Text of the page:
WEB Processing of cathode and electrolyte membranes for all solid state sodium batteriesTuesday (22.09.2020) 16:25 - 16:40 F: Functional Materials, Surfaces, and Devices 1 Part of:
Energy consumption is increasing as the world population increases triggering CO2 gas emissions. One of the solutions to mitigate this CO2 emission is the use of renewable energy sources instead of fossil fuels. Moreover, new technologies are evolving to electric and portable ; therefore, there is a need to expand the implementation of energy storage systems in our daily lives. Among them, electrochemical energy storage systems, and more specifically batteries, are attracting growing attention.
A solid-state battery is an evolution of currently available Li-ion batteries (1). In these batteries the liquid electrolyte is replaced by a solid electrolyte made of non-volatile and non-flammable components which improves the safety characteristics of the cells. Moreover, the presence of a solid electrolyte enables the use of metallic anodes which enhances energy density.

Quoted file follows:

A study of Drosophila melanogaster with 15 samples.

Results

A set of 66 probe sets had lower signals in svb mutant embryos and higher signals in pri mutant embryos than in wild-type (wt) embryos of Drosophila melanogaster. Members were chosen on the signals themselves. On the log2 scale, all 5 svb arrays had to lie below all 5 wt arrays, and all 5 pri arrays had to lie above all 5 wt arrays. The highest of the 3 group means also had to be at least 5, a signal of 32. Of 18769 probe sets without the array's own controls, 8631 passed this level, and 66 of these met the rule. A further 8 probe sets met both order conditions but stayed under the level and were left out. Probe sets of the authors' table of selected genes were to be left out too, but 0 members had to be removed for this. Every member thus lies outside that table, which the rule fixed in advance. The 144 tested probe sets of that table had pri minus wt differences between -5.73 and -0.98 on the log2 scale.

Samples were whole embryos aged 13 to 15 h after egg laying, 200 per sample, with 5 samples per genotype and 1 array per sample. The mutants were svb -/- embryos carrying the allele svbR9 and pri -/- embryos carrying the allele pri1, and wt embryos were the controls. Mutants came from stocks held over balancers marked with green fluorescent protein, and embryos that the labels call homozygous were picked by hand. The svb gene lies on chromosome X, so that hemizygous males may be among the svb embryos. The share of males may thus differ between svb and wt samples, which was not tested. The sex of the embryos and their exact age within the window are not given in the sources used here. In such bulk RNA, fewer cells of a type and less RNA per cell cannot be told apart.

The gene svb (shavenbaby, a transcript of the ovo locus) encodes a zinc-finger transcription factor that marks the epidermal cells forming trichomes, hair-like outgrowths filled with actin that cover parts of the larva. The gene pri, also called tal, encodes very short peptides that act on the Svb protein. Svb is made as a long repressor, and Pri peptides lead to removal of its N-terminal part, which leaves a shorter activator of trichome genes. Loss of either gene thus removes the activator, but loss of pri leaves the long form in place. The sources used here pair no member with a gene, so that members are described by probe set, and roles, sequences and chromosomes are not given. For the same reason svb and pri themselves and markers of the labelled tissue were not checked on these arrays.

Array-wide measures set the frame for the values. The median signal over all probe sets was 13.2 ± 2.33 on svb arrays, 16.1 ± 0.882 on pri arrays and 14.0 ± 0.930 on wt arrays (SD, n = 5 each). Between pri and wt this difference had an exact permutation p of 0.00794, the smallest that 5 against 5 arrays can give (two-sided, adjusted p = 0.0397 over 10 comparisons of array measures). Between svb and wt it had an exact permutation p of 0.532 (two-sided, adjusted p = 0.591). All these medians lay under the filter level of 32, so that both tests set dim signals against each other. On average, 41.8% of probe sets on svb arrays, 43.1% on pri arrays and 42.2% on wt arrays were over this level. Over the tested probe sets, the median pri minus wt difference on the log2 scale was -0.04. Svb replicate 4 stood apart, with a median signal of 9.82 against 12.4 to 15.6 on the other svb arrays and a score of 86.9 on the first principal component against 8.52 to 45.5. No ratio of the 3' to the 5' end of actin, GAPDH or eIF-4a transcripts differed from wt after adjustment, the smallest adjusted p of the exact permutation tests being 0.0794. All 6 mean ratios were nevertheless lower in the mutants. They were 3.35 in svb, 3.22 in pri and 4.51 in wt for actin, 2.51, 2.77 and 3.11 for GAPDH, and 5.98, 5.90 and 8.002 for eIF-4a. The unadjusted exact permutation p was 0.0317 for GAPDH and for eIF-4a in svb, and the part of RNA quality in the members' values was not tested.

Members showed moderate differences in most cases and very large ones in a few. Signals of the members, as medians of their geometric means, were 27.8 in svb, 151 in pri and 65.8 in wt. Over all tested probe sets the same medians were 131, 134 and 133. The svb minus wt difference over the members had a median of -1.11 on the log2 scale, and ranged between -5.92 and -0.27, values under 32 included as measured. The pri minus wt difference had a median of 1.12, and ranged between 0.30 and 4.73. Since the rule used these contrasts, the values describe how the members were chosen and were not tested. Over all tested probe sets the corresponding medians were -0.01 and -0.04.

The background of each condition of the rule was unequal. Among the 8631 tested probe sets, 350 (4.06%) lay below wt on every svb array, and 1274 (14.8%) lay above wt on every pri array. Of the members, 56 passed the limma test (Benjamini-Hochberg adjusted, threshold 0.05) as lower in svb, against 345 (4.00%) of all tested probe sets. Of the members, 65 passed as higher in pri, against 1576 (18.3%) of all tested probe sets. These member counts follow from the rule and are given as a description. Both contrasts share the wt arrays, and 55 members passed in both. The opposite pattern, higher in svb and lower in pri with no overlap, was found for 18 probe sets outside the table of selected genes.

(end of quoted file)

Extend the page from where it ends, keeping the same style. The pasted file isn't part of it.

Due to existing concerns as to the availability of Li to cope with the expected increasing demand, other chemistries, such as those based in Mg, Zn, Al or Na are being lately explored (2). In this work Na was chosen as an alternative to Li-based batteries. Na resources are approximately 100 times more abundant than those of Li, and are expected to be cheaper. Although its kinetics are slower due to the higher ionic radius and cell energy density is lower, this technology shows the potential to be a good alternative for applications in which space limitations are not a handicap , for example, in stationary storage systems.
This work is focused in the development of an all solid-state sodium battery. More specifically, a layered oxide is selected as the cathode active material, a PEO based polymer as the solid electrolyte and metallic Na as the anode. The processes to prepare thin and dense electrolyte membranes as well as homogeneous cathode laminates are described. In addition, rheological measurements were performed to analyze the properties of the electrolyte and cathode slurries and SEM was used for electrode microstructural analysis. Finally, the cycling performance of the resulting solid state cells is evaluated.
1. Varzi A, Raccichini R, Passerini S, Scrosati B. Challenges and prospects of the role of solid electrolytes in the revitalization of lithium metal batteries. Journal of Materials Chemistry A. 2016;4(44):17251–9.
2. Biemolt J, Jungbacker P, van Teijlingen T, Yan N, Rothenberg G. Beyond lithium-based batteries. Vol. 13, Materials. MDPI AG; 2020. p. 425.